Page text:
More needs to be done to make student accommodation covid-safe, according to the majority of students.
The lack of space and ventilation at universities is a big concern, as well as the lack of sanitation in communal areas.
The lack of automatic doors also means students have to regularly touch the same handles as one another.
Four in five (78%) students feel their student accommodation could be improved to be covid safe, research from Manor Interiors has found.
This suggests landlords may be able to attract more student interest provided their properties are more covid safe than a student halls of residence.
Farhan Malik, chief executive of Manor Interiors, said: “It’s encouraging to see that despite being least at risk health-wise, the younger generation is considering the threat posed by Covid when heading to university and the vital role they play in minimising its spread.
“Covid is unlikely to disappear any time soon and it’s important that we adapt across the board to deal with it. The design of student accommodation is no different and whether it’s the delivery of new units or the redesign of older buildings, there’s plenty that can be done to minimise the risks posed by Covid.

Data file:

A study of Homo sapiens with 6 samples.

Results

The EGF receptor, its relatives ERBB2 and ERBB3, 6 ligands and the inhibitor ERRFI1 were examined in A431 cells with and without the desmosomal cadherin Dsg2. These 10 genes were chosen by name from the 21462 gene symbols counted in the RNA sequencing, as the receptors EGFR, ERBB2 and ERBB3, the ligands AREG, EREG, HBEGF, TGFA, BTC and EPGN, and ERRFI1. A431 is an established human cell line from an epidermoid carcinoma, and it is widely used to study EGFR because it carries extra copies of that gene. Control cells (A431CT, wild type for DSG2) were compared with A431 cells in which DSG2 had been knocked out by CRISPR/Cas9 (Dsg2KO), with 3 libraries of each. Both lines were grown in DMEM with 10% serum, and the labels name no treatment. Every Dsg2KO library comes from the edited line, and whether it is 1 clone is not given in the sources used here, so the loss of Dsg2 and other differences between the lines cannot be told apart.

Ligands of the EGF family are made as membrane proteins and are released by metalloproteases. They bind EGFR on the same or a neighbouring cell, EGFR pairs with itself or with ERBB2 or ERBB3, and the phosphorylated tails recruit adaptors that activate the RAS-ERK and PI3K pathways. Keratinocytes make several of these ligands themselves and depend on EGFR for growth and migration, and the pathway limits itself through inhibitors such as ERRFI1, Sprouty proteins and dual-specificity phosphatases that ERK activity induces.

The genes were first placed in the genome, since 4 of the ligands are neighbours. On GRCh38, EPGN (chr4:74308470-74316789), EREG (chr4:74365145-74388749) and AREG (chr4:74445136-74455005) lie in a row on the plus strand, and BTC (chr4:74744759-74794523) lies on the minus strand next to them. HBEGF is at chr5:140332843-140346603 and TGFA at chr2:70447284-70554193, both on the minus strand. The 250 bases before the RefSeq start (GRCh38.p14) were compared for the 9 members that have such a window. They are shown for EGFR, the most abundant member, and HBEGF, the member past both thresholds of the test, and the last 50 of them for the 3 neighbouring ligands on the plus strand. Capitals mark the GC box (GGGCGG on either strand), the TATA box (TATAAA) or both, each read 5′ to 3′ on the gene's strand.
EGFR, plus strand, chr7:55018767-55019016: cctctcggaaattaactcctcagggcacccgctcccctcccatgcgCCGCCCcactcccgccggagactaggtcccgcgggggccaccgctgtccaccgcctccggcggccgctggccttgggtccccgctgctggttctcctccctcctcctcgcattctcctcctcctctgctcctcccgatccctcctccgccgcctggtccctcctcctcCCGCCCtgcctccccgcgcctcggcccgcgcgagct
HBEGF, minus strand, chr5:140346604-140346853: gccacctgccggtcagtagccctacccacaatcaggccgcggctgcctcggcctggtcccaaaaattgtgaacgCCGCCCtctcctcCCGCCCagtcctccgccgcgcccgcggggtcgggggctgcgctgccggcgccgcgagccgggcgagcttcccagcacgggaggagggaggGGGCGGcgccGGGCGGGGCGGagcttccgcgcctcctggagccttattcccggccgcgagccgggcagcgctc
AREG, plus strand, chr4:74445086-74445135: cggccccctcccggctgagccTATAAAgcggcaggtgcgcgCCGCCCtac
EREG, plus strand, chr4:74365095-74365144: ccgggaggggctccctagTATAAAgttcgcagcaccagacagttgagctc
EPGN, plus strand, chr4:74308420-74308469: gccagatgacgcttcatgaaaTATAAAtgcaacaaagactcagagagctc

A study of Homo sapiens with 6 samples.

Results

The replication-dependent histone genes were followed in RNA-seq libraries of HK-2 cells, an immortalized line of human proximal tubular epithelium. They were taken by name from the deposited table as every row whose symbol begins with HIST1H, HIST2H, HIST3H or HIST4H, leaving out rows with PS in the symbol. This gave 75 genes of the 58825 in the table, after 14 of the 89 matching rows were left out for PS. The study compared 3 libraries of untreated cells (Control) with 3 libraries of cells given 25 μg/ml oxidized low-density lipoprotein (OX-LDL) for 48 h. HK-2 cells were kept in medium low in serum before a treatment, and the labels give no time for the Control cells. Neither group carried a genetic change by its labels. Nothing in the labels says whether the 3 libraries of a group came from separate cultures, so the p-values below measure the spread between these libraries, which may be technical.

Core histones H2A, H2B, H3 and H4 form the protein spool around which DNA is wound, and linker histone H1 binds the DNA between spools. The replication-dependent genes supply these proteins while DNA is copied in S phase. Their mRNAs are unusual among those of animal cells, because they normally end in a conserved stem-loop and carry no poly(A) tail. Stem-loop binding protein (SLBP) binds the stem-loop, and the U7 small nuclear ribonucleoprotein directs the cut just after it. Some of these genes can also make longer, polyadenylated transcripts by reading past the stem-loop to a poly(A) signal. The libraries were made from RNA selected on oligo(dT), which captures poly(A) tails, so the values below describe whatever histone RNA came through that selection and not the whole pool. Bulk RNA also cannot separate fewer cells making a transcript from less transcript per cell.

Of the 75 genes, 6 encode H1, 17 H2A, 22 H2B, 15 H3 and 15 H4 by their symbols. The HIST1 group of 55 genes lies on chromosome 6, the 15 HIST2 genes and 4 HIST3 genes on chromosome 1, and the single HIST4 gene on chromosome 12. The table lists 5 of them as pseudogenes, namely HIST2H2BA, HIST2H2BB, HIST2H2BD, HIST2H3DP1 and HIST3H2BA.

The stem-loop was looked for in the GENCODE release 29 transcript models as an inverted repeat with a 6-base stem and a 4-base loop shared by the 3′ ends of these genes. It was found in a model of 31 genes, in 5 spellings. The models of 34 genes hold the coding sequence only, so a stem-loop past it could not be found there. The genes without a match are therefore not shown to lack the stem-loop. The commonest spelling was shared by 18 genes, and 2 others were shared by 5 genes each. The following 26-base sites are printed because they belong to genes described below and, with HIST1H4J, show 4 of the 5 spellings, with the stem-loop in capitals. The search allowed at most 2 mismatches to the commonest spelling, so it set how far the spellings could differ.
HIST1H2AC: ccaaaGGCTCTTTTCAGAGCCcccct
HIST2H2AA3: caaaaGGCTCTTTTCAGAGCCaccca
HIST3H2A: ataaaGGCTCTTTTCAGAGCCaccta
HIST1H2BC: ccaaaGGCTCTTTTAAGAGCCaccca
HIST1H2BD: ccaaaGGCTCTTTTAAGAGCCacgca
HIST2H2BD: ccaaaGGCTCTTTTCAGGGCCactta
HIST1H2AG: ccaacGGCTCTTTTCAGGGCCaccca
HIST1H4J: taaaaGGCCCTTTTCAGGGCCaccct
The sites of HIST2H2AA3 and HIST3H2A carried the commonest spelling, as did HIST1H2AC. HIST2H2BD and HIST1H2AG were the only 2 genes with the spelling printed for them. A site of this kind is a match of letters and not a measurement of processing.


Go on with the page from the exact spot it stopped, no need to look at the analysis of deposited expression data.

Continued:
“Space is always tight where student accommodation is concerned and health and safety requirements prevent greater levels of ventilation through fully open windows in large blocks.
“However, the interiors design of these blocks can go a long way in maximising space with bespoke furniture that’s made to measure a particular area.
“By doing so, universities can make an immediate, cost-effective change to existing accommodation to better their offering and reduce concern among students, who already have a lot to think about having started their higher education journey.”